After controversial Quebec headline about '8,000 Jews' arriving at border, feds push back
The border crossing into the United States is seen during the COVID-19 pandemic in Lacolle, Que. on Friday, February 12, 2021. THE CANADIAN PRESS/Paul Chiasson
OTTAWA -- The federal government is pushing back on reporting by a Quebec news outlet that raised fears about Passover gatherings, while the province's premier found his own way to respond to the story.
Premier François Legault says he's worried about all gatherings that could take place in the coming days, for both Easter and Passover.
He was asked to comment after a controversial TVA News interview Friday in which Jean-Pierre Fortin, president of the union representing customs workers, said there had been around 8,000 people at the border post of Lacolle in the last 48 hours.
According to Fortin, many of these people were Jewish. He said they were coming to Canada for Passover, which begins Saturday, and claimed they weren't going to isolate themselves for 14 days.
TVA News advertised this interview with a banner on Friday that read "8,000 Jews in 48 hours at the border," sparking backlash on social media.
A government source in Ottawa provided some important context on the numbers involved.
"The information reported is not accurate," wrote spokesperson Jacqueline Callin from the Canadian Border Services Agency.
From March 24 to 25, she wrote, a total of 7,557 travelers entered Quebec, but through all ports of entry combined "and not only at the St-Bernard-de-Lacolle border crossing."
It wasn't clear if that referred to all the land crossings, or also included ports of entry by air, meaning airports.
In any case, this figure is comparable to previous weeks.
The majority of trips are made by essential workers, the government said. For example, across Canada, truckers accounted for 63 per cent of land border entries in the past 48 hours.
Callin also wrote that the vast majority of those crossing the border by land, 93 per cent, are exempt from the 14-day quarantine because they belong to this category of essential worker.
About 74 per cent work in trade or transportation, such as truck drivers, while another 19 per cent cross the border regularly to go to their normal place of employment, such as "critical infrastructure workers" or, in some regions, health-care workers who can work across the border under the Canada-U.S. free trade agreement.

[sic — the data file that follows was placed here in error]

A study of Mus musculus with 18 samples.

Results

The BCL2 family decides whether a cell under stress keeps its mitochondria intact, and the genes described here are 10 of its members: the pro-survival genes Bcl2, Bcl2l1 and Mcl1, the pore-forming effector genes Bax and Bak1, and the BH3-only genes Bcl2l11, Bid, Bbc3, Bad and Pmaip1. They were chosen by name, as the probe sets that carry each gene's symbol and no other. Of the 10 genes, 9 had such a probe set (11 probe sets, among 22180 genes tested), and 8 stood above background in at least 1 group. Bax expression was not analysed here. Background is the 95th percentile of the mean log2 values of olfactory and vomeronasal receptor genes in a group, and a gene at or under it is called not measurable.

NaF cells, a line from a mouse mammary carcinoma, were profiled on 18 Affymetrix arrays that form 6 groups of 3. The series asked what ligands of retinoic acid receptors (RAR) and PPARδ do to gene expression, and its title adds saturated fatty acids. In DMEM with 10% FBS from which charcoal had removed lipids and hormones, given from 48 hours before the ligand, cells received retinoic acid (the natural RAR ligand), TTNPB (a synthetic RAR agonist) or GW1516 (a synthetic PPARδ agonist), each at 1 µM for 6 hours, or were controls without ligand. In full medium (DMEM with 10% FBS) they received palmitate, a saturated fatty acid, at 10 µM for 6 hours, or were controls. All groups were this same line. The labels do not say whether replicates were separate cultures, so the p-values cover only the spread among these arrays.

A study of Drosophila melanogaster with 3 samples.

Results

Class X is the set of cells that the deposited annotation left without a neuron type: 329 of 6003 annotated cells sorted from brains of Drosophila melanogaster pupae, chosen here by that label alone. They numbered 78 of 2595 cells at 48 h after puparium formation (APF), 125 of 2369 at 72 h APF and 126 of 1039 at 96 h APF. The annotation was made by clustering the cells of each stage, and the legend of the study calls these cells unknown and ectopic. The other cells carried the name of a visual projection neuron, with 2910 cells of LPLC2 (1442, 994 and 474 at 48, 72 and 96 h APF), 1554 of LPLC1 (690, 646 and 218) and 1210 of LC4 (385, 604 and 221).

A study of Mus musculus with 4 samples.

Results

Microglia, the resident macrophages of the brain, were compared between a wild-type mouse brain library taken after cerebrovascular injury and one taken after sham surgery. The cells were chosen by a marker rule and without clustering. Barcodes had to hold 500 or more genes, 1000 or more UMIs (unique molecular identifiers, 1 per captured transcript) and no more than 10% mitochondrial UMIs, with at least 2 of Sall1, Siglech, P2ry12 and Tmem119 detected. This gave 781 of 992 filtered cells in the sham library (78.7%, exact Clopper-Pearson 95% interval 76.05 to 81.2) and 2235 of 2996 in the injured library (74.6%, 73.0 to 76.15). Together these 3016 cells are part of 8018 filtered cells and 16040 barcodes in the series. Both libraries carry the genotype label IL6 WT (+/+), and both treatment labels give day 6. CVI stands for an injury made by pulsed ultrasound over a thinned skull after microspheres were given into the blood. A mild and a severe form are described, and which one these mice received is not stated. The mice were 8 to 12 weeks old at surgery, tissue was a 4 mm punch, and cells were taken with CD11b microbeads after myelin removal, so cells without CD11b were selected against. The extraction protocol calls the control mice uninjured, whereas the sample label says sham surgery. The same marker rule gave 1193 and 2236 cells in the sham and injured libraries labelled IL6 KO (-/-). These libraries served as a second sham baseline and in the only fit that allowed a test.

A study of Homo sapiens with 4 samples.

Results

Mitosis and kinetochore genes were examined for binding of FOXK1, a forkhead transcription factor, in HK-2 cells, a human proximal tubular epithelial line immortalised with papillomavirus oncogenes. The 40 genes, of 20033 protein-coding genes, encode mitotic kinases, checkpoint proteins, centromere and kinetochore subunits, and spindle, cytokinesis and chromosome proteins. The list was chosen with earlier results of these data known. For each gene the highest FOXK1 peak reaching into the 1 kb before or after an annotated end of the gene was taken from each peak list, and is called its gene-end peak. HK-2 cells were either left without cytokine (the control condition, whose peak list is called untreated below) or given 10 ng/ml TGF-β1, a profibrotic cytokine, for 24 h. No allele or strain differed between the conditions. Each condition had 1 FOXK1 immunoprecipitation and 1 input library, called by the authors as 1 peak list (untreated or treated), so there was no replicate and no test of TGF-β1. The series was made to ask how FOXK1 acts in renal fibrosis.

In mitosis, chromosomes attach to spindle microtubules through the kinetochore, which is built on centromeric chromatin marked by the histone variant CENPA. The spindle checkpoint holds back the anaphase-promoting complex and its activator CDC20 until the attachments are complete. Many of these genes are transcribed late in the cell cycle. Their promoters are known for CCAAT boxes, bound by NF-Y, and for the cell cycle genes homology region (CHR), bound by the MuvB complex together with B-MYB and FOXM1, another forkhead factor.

There are close ties between Hasidic Jewish communities in New York City and the Montreal area, and before COVID, families would often cross the border for major holidays.
But in TVA's written coverage, it walked back some of the union's claims, saying the CBSA data didn't seem unusual, and pointing out that there are also many snowbirds crossing the border.
The union president was also angry, the outlet wrote, about an alleged lack of training for urgently hired new staff and he said there wasn't enough follow-up being done on travellers who were mandated to quarantine.
Legault avoided commenting on the specific question of whether people are flocking to Canada for Passover, saying he's worried about holidays in general.
"Certainly that worries us, and Easter and Passover, because it is an occasion to come together and there is a risk that is associated with Easter. It's coming, and now is not the right time," said the premier.
"A bit like we experienced with the school break, there will be a test to pass with Easter and Passover. What I'm asking is [for people] to follow the rules," he said.
One rule was just eased today, however. Legault said that places of worship, where up to 250 people can gather in Quebec as of Friday, will be carefully monitored in the coming days.
Borders, he stressed, are the responsibility of the federal government.
Right now, people arriving at the land border who are not exempted as essential workers must show proof of a negative COVID-19 test within the last three days and demonstrate plans for their quarantine.
One Ottawa official said, when asked about the controversy, said the border restrictions are still in place and apply to all foreign nationals, including U.S. citizens.
"The rules haven't changed. There is no tourism that is allowed at the borders with the United States," said Minister of Intergovernmental Affairs Dominic LeBlanc, when he was asked about the union's claims.
This report by The Canadian Press was first published March 26, 2021, with files from CTV staff.